On Social Media, Nobody Can Hear You Joking


Out in Colorado, a clerk at a liquor store war-whooped at a Native American customer. When she complained, she was told she should have a different last name. In Massachusetts, a female employee at a comic book store was fired after sharing her concerns that other staffers referred to a storage area as a “rape room.”

We learned about these stories the way the rest of the world (and the news media!) did: through social media. There are lots of conversations about how social media empowers the individual to address situations where they feel they’ve been treated badly. A well-presented narrative that taps into people’s natural sense of outrage will be shared frequently. As a result, these businesses have had their name and image dragged all over the internet, in the most unfavorable way possible.

This is the type of situation that gives business owners sleepless nights. Even if a company does everything possible to promote a workplace culture where everyone is treated with respect and dignity, it only takes one front line employee with very poor social awareness and judgment (sometimes referred to as a terrible sense of humor) to create a public relations nightmare. You have no control over this happening; neither the timing nor the incident is up to you.

What is up to you, however, is your response. Unfortunately, the business owner has chosen to engage in some less than ideal crisis management practices, erasing critical comments from their social media platforms and issuing statements to the media that they will have statements to make on the issue…later.

Here’s how you do it right:

When a member of your team does something that is egregiously out of alignment with your company’s values (and your customer’s expectations!) the first thing to do is address the issue with your employee and take steps to ensure it doesn’t happen again. Social norms have changed. You cannot run a viable business with people who do not know how to treat other people with the respect they deserve; it may be that you have some staffing changes to make.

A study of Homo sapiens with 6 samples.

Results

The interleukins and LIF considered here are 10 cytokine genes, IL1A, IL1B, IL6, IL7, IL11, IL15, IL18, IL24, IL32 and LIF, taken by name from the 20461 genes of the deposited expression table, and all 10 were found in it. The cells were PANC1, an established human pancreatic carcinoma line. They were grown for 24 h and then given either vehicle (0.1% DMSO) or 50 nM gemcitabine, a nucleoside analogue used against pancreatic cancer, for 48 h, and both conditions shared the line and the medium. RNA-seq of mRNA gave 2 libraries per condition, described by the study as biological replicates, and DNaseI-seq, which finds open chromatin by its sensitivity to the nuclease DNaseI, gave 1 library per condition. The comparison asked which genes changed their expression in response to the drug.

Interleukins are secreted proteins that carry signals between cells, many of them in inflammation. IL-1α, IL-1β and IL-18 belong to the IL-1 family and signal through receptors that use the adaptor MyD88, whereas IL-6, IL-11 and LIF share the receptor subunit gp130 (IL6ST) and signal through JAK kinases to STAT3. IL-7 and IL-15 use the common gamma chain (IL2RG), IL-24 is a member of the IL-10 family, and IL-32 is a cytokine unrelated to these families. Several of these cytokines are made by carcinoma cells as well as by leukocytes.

Then, even though it is hard, don’t erase the commentary on social media. You’re not going to gain anything by that, and you may even add fuel to the fire. Instead, reach out, preferably through a private message, first to the person affected by the incident, and see what would need to happen to make things right.

Then, through your own social media platforms and on your website, issue a statement that acknowledges the situation, lets the public know that you’ve reached out to the impacted individuals, and what corrective steps have been taken to prevent this from happening again. Ideally, this all needs to happen within hours of the original incident; however, it’s never too late to start making things right.

If you’re too close to the situation to proceed dispassionately, or you’re struggling to understand why so many people are upset over what to you just seems like a joke gone wrong, these are the signs that you need to delegate responding to your critics to a third party: either a trusted employee with crisis management skills or a professional firm who can step into the messaging role for you on a short term basis.

Mistakes will be made. However, if you hold people accountable, demand improved performance going forward, and communicate this clearly to the parties involved and the larger communities who are watching what you do, it doesn’t have to wreck your business.

On Social Media, Nobody Can Hear You Joking
Social Media can turn one employee's actions into a viral vendetta against your company. Here's how to use it to turn things around.